Sunday, December 14, 2008

A Song and A Book

Sunday morning the mercury dipped into the low teens. Rays of sunshine beamed brilliantly toward earth with nothing to filter or dim them -- the sky was clear and with varying shades of blue.

Sandy and I were sitting quietly reading, checking messages, or researching something of interest. Breaking the silence, Sandy spoke. "John looks older."

"John who?" I asked.

"John Eldredge," she replied. I stood up and craned my neck to see around the edge of her computer screen and look at John's picture.

"Yes," I said, "He does. His goatee is getting streaked with white, and the lines in his face are etching deeper. He's been in the war a long time."

I went back to my own computer and clicked the icon for John's website, Ransomed Heart. Instantly and simultaneously, images from cyberspace--and an indescribable sense of loss--converged and blew-up my senses. A deep tiredness pressed down on me, pushing the blood from my face. Sandy was eye witness to it and with deep concern asked me what was wrong.

I buried my head in my hands. Tears and audible sobs spilled out from deep within my soul.

"I don't know," was my response.

I wanted to stay in the moment and work through all the commotion going on in my spirit, but I am a pastor, and I had to leave for church.

Later, back at home . . .

Over and over again, a life changing song and a life changing book kept coming to mind. The song -- The Great Adventure, by Steven Curtis Chapman. The book -- Wild at Heart, by John Eldredge.

In 1991 it was the message of the song that rescued me from Christianity. Prior to the rescue, a suspicion had been growing that there existed a journey with God distinctly different from the one that I and those around me were experiencing. None of us would have disputed that God's record, his Word, declared a spiritual, exhilarating , dangerous, and untamed adventure for those who dared to take up His Son's offer, "come and follow me." Most Christians, though, felt that such a message was for the less civilized world of early Christianity.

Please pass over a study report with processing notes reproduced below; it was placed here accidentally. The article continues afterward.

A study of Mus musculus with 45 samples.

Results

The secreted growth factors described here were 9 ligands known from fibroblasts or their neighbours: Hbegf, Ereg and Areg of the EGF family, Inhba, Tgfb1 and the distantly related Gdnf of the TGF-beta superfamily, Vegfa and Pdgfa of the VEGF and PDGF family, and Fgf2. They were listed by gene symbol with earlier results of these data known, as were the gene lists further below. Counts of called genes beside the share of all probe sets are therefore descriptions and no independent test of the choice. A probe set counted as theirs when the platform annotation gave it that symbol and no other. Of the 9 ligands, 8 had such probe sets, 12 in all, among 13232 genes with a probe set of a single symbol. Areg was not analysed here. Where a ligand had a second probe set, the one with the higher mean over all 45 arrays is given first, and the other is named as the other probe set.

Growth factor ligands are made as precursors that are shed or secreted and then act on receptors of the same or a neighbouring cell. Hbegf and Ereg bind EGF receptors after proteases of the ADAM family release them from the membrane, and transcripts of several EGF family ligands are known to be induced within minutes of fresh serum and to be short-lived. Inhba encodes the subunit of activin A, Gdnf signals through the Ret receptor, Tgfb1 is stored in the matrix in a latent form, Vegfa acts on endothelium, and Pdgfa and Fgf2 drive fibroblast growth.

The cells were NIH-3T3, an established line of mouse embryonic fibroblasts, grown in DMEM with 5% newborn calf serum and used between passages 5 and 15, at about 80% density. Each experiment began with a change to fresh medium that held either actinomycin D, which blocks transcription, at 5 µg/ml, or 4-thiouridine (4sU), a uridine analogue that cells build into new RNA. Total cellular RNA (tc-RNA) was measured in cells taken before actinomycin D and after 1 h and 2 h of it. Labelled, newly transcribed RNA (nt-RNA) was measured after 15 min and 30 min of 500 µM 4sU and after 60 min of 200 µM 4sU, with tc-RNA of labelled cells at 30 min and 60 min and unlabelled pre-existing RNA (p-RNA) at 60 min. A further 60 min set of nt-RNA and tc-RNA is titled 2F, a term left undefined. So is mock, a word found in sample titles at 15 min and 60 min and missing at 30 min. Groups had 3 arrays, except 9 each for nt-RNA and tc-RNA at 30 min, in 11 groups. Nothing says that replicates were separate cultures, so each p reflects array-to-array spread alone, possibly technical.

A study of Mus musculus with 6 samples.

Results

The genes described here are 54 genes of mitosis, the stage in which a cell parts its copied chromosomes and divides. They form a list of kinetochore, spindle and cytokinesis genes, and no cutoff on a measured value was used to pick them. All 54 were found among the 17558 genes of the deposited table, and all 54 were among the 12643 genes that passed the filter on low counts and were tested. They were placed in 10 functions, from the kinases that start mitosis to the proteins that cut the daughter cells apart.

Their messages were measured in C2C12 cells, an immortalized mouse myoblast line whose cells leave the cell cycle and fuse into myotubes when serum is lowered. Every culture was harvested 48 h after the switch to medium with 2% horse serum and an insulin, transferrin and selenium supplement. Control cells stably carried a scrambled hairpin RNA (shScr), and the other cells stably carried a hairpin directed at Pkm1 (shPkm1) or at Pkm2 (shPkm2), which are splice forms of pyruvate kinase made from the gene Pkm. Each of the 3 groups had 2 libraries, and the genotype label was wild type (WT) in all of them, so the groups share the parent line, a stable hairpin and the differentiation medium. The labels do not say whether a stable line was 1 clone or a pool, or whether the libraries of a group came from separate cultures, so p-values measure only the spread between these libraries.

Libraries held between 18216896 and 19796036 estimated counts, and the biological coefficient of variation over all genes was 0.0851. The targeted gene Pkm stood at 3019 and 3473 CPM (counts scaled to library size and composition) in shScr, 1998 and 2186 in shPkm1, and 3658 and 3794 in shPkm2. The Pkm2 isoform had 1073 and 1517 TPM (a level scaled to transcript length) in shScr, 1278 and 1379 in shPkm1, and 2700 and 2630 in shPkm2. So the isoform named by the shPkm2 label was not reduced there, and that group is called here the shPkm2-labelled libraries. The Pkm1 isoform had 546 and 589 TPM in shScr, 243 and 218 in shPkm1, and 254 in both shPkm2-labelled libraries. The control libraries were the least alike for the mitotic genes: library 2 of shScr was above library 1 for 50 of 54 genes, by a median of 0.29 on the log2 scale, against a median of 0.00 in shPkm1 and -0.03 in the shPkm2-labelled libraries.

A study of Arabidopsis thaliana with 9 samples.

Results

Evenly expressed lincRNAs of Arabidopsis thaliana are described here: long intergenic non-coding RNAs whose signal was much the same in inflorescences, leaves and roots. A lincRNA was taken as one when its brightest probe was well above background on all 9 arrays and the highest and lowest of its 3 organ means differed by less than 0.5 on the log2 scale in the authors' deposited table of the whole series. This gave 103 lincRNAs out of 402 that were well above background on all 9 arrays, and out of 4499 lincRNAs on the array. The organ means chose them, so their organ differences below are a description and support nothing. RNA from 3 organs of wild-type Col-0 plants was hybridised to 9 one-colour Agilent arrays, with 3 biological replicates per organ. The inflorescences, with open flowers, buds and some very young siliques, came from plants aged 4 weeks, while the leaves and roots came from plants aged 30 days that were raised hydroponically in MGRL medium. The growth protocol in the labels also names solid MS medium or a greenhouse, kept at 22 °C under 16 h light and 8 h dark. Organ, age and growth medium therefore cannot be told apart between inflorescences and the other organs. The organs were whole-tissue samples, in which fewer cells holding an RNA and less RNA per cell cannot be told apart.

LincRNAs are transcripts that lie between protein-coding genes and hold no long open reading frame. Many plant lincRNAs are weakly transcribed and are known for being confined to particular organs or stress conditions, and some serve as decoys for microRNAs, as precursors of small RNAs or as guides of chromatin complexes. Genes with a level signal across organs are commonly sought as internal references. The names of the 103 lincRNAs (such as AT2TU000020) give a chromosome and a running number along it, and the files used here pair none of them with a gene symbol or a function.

Then the powerful lyrics of The Great Adventure came along and gave me the courage to take the first steps to pursue the journey I was created for.

In 2004, it was the message of the book, Wild at Heart. W/H became the most battered book in my collection of hundreds. Why? Because of the countless times I slung it across my office, or living room, or cabin, or lawn, or into the woods. John Eldredge's uncensored journey (he was refreshingly raw -- uncivilized -- didn't use christian speak) brought me to a crisis of belief.

The crisis?

For a couple of years I had been giving consideration to exiting the road less traveled of following the wild and untamed God. I would reengage in a more secure church culture. As the old spiritual goes, "Nobody Knows the Trouble I've Seen." Reason told me I had certainly paid my dues. Big church. Big pay. Big house. Big deal. But as shocking as this may sound, years of observation and participation had brought me to the conclusion that there are few things more pointless than scheduling a gathering for the religious, week after week, to teach them about God and the Bible with no expectation that God would show up and such encounters would change the hearers, who in turn, would go out and change the world.

I don't like that kind of life. Not for me.

Why the tears and wrenching reaction?

The brief dialogue Sandy and I shared revealed unidentified and unexpected grief -- the Adventure has come with some great costs and extreme pain -- I was feeling old and etched in my soul.

1 comment:

  1. Battle on, warrior. You've inspired many to do the same.